Though the growth of corporates opening their own innovation labs and/or flocking to platforms like Coventured to more easily connect with startups often makes it seem that more and more organisations are getting wise to the threat of disruption, a report has found almost 50 percent of Australian businesses believe either their industry or products and services are not being disrupted.
The report from Telsyte, commissioned by DXC Technology, surveyed 403 business and tech decision makers across organisations with 20 or more employees to find that 60 percent are keeping an eye on digital trends and will react if and when it impacts their organisation.
Defining a ‘digital strategy’ as defining the existing capability of IT and how it plans to apply technology for business outcomes, the report found nine percent of Australian organisations have no digital strategy at all, while 25 percent are ‘investigating’ the creation of one; these organisations are interested in partnering with others that can help them overtake more developed competitors.
Meanwhile, 34 percent of organisations have digital strategies across varied business units, where innovation is about the smaller steps, such as introducing new digital services, mobile apps, and projects, as opposed to structural or cultural change within an organisation; they are typically less concerned about disruption.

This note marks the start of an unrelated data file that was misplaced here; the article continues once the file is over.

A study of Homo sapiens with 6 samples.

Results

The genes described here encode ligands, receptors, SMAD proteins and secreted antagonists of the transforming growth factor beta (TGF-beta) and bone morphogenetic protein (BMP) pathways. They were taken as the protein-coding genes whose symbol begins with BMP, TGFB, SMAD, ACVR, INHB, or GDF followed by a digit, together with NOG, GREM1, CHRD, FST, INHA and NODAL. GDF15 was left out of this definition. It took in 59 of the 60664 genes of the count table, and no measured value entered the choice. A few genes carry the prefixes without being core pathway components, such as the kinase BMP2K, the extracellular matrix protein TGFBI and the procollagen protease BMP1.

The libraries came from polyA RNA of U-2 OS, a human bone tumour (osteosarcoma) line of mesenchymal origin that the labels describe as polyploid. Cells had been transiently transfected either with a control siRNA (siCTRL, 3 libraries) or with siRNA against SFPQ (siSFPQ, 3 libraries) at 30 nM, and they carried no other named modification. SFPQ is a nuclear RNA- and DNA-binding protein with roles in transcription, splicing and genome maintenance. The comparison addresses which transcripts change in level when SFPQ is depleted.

Just 32 percent of businesses have an organisational-wide digital strategy in place.
“There is a level of complacency among Australian businesses that enough is being done to handle the impending disruption to their markets and go-to-market strategies,” said Foad Fadaghi, managing director of Telsyte.
“The challenge is that when you dig a little deeper, many organisations are simply equating digital with building more apps.”
This, the report found, is having an impact on IT spend and its effectiveness.
IT budgets are expected to grow at an average of 5.4 percent across 2018, with organisations boasting business unit-level digital strategies looking to increase their spend the most.
However, given these units are often focused on increasing the number of products and services that may be tactically suited for their particular department but lack direction for the entire organisation, the report suggests various business units could be doubling up on suppliers or technologies, leading to waste.
Twenty-three percent of respondents admitted that their organisation had experienced problems arising from non-IT business units purchasing IT products and services, with 49 percent noting higher costs, 38 percent highlighting issues around security, and 37 percent highlighting inconsistent tech selection.
With getting buy-in at the executive level critical to driving structural and cultural change within an organisation, the report found companies with an organisation-wide digital strategy are 10 percent more likely to have regular reporting of IT to the board; this, in turn, leads to more support from the board for digital work.
On the flip side, just 32 percent of IT leaders in organisations with no digital strategy provide regular updates to their board.
Image: Seelan Nayagam, MD of DXC Technology Australia & NZ. Source: AIPM.